Performance optimization skill: Joining Small Fact Data and Big Dimension Data

 

I Problem introduction & Solution

Sometimes when we handle a join between a table and its subtable we find that while the filtered fact data can be wholly loaded into the memory or just slightly exceeds the memory capability, the dimension table being joined contains a large volume of data, far larger than the available memory space. If the latter stores data by the key and since the number of its records corresponding to the fact records is relatively small, we can locate them all at once using binary search  instead of traversing all records in the dimension table like what HASH algorithm does. This is more efficient.

Thats the algorithm Structured Process Language (SPL) uses in dealing with the situation. It gets all join key values from the fact tables, sorts them and reads as many of the key values as possible at a time to match the dimension table and find the eligible records. It’s the searching that takes up the lions share of the time spent in doing the join whereas the real joining actions are not time-consuming. Well test it using both single thread and multithreads (as multithreaded processing is not sensitive to the algorithm in performance increasing) and compare it with the HASH JOIN algorithm (Take Oracle as an example) through an instance in the following part.

 

II Test environment & computing scenario

The test computer has two Intel2670 16-core processors of 2.6 GHz, a 64GB RAM and an SSD, where a 16-core virtual machine with a 64GB RAM is running.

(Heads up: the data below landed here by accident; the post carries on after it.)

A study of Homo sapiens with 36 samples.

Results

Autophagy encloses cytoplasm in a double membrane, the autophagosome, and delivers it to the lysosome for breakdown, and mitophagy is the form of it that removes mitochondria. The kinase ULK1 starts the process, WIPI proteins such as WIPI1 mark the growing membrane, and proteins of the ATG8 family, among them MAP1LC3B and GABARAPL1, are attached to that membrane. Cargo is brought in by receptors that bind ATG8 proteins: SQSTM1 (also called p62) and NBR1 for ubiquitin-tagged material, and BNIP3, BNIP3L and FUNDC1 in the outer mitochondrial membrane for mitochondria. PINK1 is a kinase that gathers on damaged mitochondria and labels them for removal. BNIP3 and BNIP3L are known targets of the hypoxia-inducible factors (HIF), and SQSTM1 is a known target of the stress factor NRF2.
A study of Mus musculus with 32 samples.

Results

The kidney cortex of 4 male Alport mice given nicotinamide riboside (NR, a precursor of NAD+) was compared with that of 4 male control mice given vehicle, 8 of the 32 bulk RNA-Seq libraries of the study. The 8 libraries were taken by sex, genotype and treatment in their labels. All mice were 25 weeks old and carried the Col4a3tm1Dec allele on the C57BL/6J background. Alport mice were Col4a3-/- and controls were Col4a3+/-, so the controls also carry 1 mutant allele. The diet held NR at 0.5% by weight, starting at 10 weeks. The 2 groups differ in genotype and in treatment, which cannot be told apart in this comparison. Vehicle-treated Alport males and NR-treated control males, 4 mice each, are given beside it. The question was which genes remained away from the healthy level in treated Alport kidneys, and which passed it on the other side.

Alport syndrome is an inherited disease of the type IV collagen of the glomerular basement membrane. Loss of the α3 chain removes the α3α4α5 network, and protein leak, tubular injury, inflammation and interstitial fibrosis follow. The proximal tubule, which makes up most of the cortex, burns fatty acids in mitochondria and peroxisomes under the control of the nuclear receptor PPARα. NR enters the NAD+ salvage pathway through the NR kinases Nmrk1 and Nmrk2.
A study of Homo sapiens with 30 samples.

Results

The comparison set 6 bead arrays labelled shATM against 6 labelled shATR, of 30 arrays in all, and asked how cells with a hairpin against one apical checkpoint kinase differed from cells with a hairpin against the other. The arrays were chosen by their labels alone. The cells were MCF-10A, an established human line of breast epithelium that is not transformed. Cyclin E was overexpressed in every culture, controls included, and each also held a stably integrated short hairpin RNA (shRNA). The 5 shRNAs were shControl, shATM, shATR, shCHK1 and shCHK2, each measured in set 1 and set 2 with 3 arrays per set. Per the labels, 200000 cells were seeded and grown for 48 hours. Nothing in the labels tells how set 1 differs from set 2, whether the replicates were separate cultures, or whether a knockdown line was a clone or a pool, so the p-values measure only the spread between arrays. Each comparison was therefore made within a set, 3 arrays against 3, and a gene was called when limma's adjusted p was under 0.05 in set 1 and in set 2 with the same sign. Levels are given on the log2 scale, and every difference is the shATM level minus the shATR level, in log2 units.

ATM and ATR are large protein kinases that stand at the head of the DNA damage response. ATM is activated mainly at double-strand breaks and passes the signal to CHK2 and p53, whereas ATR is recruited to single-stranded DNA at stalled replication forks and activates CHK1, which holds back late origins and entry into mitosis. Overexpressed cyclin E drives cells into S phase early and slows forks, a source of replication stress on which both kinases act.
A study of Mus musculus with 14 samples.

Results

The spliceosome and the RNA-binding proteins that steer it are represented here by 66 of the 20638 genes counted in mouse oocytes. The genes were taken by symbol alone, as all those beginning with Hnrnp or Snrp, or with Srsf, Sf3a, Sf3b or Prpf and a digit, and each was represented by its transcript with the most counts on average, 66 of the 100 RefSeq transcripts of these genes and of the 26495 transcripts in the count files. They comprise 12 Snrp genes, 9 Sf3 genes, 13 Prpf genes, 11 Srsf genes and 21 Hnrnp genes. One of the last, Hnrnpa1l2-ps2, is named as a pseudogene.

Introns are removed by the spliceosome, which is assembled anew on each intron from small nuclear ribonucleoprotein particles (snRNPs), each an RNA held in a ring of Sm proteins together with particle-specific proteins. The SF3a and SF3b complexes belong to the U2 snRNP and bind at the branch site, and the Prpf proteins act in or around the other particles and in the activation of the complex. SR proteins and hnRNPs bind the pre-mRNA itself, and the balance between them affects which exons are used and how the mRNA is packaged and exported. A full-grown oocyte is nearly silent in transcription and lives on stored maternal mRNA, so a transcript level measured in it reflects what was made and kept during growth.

We have created on the virtual machine a dimension table named account, which is made up of 3 fields (accountid, name and state) and has a total of 5 billion records, and three same-structure fact tables (trade1, trade2 and trade3) that contain respectively 0.3 million, 3 million and 15 million records with 4 fields  tradedate, outid (account from which money is transferred), receiveid (account to which money is transferred) and amount (transferred amount). accountid is the foreign key for the fact tables outid field and received field. The relationship between both pairs is a one-to-many relationship.

Our test goal is to calculate the total transferred amount between states according to the three fact tables respectively. Then we test the multithreads performance using the fact table trade2.

 

III Tests

1. With Oracle

SQL query:

select /*+ parallel(n) */

a1.state,

a2.state,

sum(amount) as amount

from

account a1,

account a2,

trade1

where

outid = a1.accountid

and receiveid = a2.accountid

group by

a1.state,

a2.state

order by

a1.state,

a2.state;

/*+ parallel(n) */ is used for testing performance of multithreaded processing. n is the number of parallel tasks.

2. with SPL

SPL script:

 


A

1

=now()

2

=file(path+"account.ctx").create()

3

=file(path+"trade1.ctx").create().cursor@m(outid,receiveid,amount;;1)

4

=A3.joinx@q(outid,A2:accountid,state:out_state;receiveid,A2:accountid,state:receive_state;5000000)

5

=A4.groups(out_state,receive_state;sum(amount):amount)

6

=interval@s(A1,now())

 

joinx() function works with @q option to increase join performance when the fact data is small and the dimension data is big. Here the functions last parameter defines the number of records retrieved from the fact table cursor at one time for a join comparison. When there is enough available memory space, the greater this value the higher the performance.

 

3. Test results

Below are results of tests over different volumes of fact data (Unit: Sec):

 

Records count after filtering

15 million

3 million

0.3 million

Oracle

17277

2747

421

SPL

517

106

72

 

Result of multithreaded processing test using trade2 (which contains 3 million records) (Unit: Sec):

 

Number of threads

1

2

4

8

16

Oracle

2747

1589

1318

1375

1631

SPL

106

109

117

115

109

 

IV Summary

With single-threaded processing, the SPL algorithm is many times faster than Oracle thanks to the absence of full-traversal.

But the SPL algorithm has little effect on multithreaded processing performance. Oracle does enhance performance by using the parallel processing but it is still much slower due to the time-consuming full traversal.